CNN Global Public Square
The news of mass resignations by Turkey's military leadership is a sign that NATO's second-largest force is snapping under the weight of the ruling party.
Today's news of the mass resignation of Turkey's Chief of Staff, General Isik Kosaner, and the force commanders is a sign that the Turkish military, the second largest force in NATO, is snapping under the weight of the ruling Justice and Development Party (AKP).
Since the AKP came to power in Ankara in 2002, civilian-military relations between the governing party, a coalition of conservatives, reformed Islamists and Islamists, and the military, a bastion of secularism, have been tense. But thus far, the military leadership has remained diplomatic, choosing not to confront the government. Yet, with so many top commanders of the Turkish military resigning at once today, this is no longer the case.
This had been coming: The military and the AKP never saw eye to eye on many issues, the most important of which was the firewall between religion, piety, and politics. So far, the AKP has enjoyed the upper hand: In 2007, the AKP authorities launched a court case, known as Ergenekon, which alleged a coup plot against the government and accused the military of involvement.
Four years and hundreds of arrests later, the case has yet to reach a verdict. Yet, the Turkish military has born the brunt of these arrests. Around half of all Turkish naval admirals have been jailed. Moreover, because all of the air force's four-star generals have been implicated, it was not certain that Turkey's military promotions board would even have a four-star general to promote to Chief of Air Force during its annual meeting in August. Consequently, the ironic joke in Ankara has become, "Thank God Greece is in an economic meltdown, otherwise, this would be the perfect time to invade Turkey!"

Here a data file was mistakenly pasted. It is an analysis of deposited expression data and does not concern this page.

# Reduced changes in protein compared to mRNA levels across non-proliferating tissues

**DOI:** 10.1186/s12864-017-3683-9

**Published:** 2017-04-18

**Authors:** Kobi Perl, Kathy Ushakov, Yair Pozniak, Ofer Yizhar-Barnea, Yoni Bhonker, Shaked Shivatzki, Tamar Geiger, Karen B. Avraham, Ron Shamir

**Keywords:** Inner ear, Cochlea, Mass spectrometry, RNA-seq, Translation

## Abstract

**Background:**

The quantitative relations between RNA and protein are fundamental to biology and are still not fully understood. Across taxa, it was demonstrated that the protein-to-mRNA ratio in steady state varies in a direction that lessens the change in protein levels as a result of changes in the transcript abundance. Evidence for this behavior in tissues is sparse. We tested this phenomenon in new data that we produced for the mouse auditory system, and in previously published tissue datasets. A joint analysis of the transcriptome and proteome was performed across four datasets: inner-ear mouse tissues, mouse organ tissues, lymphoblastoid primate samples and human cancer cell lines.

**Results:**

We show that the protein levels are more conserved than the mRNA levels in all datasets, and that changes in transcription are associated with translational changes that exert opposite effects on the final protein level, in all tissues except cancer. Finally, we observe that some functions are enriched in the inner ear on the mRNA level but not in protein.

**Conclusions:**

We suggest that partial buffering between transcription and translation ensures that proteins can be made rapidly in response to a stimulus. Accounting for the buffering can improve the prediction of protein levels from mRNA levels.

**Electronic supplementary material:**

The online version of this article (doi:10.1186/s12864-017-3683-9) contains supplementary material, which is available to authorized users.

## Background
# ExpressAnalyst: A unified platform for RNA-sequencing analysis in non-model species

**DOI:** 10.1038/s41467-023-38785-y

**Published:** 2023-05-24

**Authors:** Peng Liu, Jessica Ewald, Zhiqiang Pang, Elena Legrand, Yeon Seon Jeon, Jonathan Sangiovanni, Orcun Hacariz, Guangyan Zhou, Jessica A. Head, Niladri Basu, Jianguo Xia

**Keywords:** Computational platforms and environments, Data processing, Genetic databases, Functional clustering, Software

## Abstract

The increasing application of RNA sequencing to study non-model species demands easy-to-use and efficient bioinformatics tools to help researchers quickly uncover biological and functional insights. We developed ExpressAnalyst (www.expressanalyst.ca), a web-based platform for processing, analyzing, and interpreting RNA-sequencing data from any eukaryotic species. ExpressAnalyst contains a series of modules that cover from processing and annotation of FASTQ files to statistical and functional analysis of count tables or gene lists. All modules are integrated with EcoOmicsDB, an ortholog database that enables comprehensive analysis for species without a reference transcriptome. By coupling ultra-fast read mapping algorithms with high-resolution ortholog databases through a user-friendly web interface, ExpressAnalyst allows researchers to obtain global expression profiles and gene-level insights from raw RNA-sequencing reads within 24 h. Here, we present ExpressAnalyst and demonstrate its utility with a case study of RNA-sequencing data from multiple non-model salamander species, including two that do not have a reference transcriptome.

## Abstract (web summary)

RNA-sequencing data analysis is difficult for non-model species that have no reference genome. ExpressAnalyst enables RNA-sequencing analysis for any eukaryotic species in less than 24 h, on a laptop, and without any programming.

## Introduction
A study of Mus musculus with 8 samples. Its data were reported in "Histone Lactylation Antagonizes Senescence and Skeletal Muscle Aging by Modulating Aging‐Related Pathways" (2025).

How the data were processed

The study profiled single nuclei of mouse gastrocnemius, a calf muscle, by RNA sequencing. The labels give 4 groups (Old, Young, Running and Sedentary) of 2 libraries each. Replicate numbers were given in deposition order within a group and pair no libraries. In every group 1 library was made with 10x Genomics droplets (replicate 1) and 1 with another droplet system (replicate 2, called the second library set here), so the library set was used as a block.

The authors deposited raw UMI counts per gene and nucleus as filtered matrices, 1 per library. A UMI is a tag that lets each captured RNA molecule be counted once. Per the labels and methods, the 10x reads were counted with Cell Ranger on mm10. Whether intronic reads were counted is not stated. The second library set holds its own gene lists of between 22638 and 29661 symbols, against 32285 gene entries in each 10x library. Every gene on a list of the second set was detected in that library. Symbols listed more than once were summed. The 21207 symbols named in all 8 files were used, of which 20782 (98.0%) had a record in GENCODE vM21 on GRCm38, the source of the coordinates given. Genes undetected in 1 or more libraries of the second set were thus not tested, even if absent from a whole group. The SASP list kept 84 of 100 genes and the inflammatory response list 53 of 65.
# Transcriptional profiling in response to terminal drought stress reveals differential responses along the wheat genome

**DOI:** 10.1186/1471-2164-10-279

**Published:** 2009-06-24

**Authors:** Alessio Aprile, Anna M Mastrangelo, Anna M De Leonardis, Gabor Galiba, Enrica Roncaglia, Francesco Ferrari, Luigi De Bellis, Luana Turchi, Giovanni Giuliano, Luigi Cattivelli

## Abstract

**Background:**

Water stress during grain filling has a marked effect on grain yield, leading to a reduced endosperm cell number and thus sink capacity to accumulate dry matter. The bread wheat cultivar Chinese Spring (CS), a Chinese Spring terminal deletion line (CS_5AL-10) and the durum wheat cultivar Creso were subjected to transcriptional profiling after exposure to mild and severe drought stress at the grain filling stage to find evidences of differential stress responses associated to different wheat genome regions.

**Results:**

And now the military has snapped. The straw that broke the camel's back came earlier this week, when pro-AKP media suggested that 14 active duty generals and admirals who had been arrested in relationship to the Ergenekon case, though not yet indicted, would not only be bypassed in their promotions, but also forced to resign. Furthermore, only yesterday, the police arrested 22 additional top brass officers, blocking their likely promotion.
For the first time in its life, the Turkish military is like a deer in headlights, facing the political high beams of the Ergenekon case.
Historically the most-respected institution in the country and the kingmaker in Ankara, the military has seen its prestige and power free-fall since the AKP took power in 2002. Coup allegations, including assertions that the military was planning to bomb Istanbul's historic mosques to precipitate a political crisis, have hurt the Turkish army's standing. The military's status as the most trusted institution in the country is plummeting: in 2002, around 90 percent of the Turks said they trusted their military, while now most polls show that barely 60 percent say they do.
What is more, with dozens of generals and hundreds of other officers in jail for years with coup allegations, with no indictment in sight, the officer corps is demoralized. This is the Turkish military leadership's way of telling the government: "We are done playing with you. Set up your own team -- if you can."
The dilemma for the AKP is that this may not be possible. Turkish military officers all undergo the same training, with the same discipline and commitment to secularism and the subsequent opposition to the AKP. It will be difficult for the AKP to find pro-AKP officials in the military's top ranks.
This leaves Turkey with two options: Operate with a headless military, a risk in a country flanked by Iran, Iraq and Syria, the last of which is undergoing revolutionary turmoil right on the other side of a 500 mile-long border; or fashion an agreement between the AKP and the military to turn the high beams of the Ergenekon case off.
Turkey's moment of reckoning, delayed since 2002, seems to have arrived.
Soner Cagaptay is director of the Turkish Research Program at The Washington Institute.